Friday, May 6, 2011

It's time to pick on Brent Sampson again

Brent Sampson is the frequently inept and dishonest boss of frequently inept and dishonest Outskirts Press. I often write about Brent and his company because they do so many things so badly.

It seems appropriate to try out my new artificial lens in an examination of Brent's writing. What follows is from Brent's blog, published on 5/5:

Toward the beginning of last month [If it was "toward the beginning of last month," it was really at the end of the previous month. What Brent means is "in" or "at" the beginning.] I blogged about a webinar I attended by a “social media scientist” [How the hell did Brent attend a webinar by someone? I attend webinars by computer and by Internet. The sentence would make more sense if Brent inserted the word "conducted" or maybe "sponsored" between "attended" and "by."]  who suggested that multiple blog postings throughout the day translates [Since "postings" is a plural noun, the correct verb form is "translate."] to a greater number of blog visitors and better exposure for your company. [Even with the proper verb form, "translate to" is still a poor choice of words. "Result in" or "lead to" are better choices.] [Also: Brent seems to have picked up the word "company" from the webinar. Most authors are interested in promoting themselves or their books, not companies.] [Also, also: it could be argued that "your" is the wrong word, because the webinar scientist was not addressing Brent's readers.]

As a result, I changed my tactics on ["for" is a more accurate preposition.] this blog for the month of ["Month of" is superfluous.] April by writing 3 ["Three" is better.] shorter blog postings throughout the day — one in the morning, one in the middle of the day around lunch, [It's not necessary to specify "around lunch" if something is done in the middle of the day.] and one toward the afternoon. [Here's Brent's silly "toward" again. Actually, the middle of the day, and lunch, are "toward the afternoon." "In the afternoon" would be more accurate.] I agreed with the concept that multiple blog postings provided ["Provide."] an opportunity to present multiple headlines, which would increase the posting’s exposure through RSS feeds and search engines. [Actually, since each posting has just one headline, multiple postings do not increase exposure for each posting -- but might increase exposure for Brent's company and Brent's errors.]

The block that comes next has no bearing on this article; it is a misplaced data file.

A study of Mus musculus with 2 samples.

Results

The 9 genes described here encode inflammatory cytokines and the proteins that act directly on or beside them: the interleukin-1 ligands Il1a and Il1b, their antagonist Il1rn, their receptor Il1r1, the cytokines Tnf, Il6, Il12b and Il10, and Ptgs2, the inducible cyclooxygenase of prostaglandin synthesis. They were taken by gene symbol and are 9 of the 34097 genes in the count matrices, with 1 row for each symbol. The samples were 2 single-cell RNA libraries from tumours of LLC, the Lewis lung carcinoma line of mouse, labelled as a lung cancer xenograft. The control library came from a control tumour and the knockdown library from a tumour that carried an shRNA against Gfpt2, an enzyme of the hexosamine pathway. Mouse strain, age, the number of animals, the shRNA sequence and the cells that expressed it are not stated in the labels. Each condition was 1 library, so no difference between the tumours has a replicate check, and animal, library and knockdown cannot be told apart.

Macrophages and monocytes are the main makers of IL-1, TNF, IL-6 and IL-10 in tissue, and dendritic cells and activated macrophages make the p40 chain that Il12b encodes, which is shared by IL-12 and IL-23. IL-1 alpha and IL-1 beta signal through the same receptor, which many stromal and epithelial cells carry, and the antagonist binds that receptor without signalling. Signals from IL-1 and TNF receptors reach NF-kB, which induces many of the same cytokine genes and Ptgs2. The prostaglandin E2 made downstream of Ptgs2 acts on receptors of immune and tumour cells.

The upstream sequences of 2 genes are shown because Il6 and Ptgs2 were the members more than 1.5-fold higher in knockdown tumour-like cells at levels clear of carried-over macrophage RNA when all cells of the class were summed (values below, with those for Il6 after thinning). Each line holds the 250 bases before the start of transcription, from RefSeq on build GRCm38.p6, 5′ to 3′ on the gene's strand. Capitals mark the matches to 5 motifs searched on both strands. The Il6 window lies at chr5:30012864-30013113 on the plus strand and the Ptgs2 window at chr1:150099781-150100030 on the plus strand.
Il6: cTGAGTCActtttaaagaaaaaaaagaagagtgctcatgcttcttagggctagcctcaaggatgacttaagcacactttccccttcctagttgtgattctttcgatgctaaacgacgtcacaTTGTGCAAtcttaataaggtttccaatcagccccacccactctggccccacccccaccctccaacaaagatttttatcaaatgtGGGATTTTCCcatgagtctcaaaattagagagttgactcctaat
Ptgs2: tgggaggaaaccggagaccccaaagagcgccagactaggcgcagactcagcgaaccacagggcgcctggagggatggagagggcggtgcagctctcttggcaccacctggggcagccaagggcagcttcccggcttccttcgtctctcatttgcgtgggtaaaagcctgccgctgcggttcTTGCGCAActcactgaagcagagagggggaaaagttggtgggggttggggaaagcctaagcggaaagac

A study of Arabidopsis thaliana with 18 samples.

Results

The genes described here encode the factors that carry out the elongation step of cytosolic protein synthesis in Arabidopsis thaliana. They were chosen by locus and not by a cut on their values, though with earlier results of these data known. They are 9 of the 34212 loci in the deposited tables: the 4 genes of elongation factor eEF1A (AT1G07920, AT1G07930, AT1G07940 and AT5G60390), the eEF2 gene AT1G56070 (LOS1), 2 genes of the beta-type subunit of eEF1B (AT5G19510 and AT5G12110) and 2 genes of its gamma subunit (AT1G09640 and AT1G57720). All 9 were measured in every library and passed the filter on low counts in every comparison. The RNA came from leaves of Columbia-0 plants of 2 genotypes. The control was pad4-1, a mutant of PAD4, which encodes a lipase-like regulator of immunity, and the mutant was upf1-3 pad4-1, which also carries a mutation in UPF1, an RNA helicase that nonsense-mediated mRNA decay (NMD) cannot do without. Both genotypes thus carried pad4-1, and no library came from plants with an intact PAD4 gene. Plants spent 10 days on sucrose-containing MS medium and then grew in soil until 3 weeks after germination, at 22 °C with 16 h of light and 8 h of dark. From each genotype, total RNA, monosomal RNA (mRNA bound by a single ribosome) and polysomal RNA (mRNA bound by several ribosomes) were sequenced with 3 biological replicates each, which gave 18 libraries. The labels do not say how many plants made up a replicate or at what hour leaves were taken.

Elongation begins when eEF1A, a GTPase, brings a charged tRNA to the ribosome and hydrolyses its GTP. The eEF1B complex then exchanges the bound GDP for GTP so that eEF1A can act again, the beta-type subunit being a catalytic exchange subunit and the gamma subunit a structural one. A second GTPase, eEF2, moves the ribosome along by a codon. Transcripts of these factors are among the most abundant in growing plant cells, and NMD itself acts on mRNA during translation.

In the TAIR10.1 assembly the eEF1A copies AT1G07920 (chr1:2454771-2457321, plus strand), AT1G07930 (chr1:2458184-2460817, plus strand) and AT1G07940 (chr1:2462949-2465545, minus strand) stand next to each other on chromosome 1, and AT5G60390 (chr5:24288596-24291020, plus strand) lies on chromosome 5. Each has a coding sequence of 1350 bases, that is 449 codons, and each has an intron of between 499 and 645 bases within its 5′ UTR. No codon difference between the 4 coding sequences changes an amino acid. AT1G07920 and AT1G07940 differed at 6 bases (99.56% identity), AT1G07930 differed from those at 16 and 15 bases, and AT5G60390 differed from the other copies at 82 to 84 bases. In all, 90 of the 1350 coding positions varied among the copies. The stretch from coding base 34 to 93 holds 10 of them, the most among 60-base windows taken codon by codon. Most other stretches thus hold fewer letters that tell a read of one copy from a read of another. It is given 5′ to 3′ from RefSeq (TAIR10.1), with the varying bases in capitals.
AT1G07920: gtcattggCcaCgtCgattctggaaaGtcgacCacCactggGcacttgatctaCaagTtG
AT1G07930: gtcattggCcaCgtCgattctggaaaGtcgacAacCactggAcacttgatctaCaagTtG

I just wasn’t so sure that the actual results would justify the additional time expenditure. [He could have tried to ask people who tried it, or noticed that very few people do it.] Each day ended up taking me twice as long to post. [You post blogs, not days.] Sure, the postings were shorter, but as you can probably tell by the stream-of-consciousness content, it’s not the “writing” that takes me very long — it’s the mechanics involved in tagging each posting, scheduling it for a certain day at a certain time, etc.

So, did that little social science experiment work? I’ll answer that question tomorrow (which, in itself, might answer that question) with a graph of this blogs ["Blogs" should have an apostrophe.] monthly stats so we can compare April with March.

I guess my altered eye is working better than Brent's brain. I'm not surprised.